Fakenham parents thank Great Ormond Street doctors for saving their son

Kieran White after his operation at the Great Ormond Street Hospital

Kieran White after his operation at the Great Ormond Street Hospital - Credit: Archant

When little Kieran White came into the world 13 months ago he seemed a perfectly healthy 9lbs baby, to the delight of his parents Chris and Chloe and his older brother Ryan.

Chris and Chloe White with two-year-old Ryan (left) and Kieron who has had an operation to repair a

Chris and Chloe White with two-year-old Ryan (left) and Kieron who has had an operation to repair a hole in the heart. Pictre: Maurice Gray - Credit: Archant

He was a little blue having had the cord around his neck and went to intensive care as a precaution and to get some extra oxygen.

But just hours after his birth Mr and Mrs White, who live in Fakenham, were told by doctors at the Norfolk and Norwich University Hospital that Kieran had a heart murmur.

Mr White, 29, said: 'We didn't think much of it as they said he should be fine and nine times out of 10 the heart heals itself but they will just keep an eye on it. We were OK with that, we were not overly concerned, and everybody we spoke to and the research we did on it all said the same – that it would heal itself.'

But just a few months later at Christmas the Whites were given the devastating news their baby would have to have open heart surgery to repair a hole in the heart.



At Kieran's routine check they were told that as the hole was healing itself the left side of the heart was enlarging as it was having to work so much harder to pump the blood round his little body.


The hole is closed using open heart surgery and the heart needs to be stopped and opened to repair it. This means that a heart bypass machine has to take over the job that the heart normally does.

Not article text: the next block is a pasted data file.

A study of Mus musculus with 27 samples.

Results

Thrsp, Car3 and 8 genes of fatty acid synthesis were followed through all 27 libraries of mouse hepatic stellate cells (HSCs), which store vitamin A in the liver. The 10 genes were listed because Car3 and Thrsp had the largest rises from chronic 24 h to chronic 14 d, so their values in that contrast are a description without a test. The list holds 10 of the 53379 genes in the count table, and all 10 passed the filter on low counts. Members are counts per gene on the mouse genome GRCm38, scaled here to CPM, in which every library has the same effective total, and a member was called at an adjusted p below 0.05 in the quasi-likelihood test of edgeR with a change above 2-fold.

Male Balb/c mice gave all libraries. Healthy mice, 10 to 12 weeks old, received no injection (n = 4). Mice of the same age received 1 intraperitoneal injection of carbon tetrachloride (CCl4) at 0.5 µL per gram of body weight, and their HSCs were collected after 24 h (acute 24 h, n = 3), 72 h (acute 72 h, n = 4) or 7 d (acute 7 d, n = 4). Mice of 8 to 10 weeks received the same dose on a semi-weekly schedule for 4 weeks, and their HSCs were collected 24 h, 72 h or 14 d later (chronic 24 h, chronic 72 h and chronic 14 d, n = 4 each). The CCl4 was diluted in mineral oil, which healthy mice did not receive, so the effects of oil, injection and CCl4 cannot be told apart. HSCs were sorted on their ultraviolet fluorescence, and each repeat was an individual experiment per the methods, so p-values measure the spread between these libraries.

The aim of the operation is to make the circulation of blood through the heart and lungs normal.

'We were devastated,' said Mr White.

His wife, who is 25, added: 'Every time he had a heart echo the left side was getting bigger. It was beginning to get very serious, and we were getting extremely worried.

'Kieran was getting tired quickly and we noticed that after playing he was sleeping for about three hours, in the daytime, when previously he would only nap for half an hour. We often stay awake at night with worry.'

After joining the waiting list the family was eventually given Tuesday, May 21, as the date for the operation at GOSH.

Doctors said on Saturday that Kieran is recovering well.

Mr White said: 'Kieran is recovering well and we are so grateful to the medical team at Great Ormond Street. They are so kind and helpful and we want to show our appreciation.

'GOSH has given Kieran a new lease of life and we are so happy. It was a shock when we were first told about Kieran's condition and obviously the worst case scenario has gone through our minds so many times but all the time Great Ormond Street Hospital reassured us that Kieran would be ok'.

According to the National Institute for Cardiovascular Outcomes Research, there were just over 400 VSD repairs carried out nationwide during 2011. Most children are completely back to normal activities within six weeks after the operation and go on to lead completely normal lives.

As last week was part of Heart Foundation Fortnight, Mr White has indicated that they want to raise funds for GOSH to show their appreciation for the care the staff have shown during these traumatic months.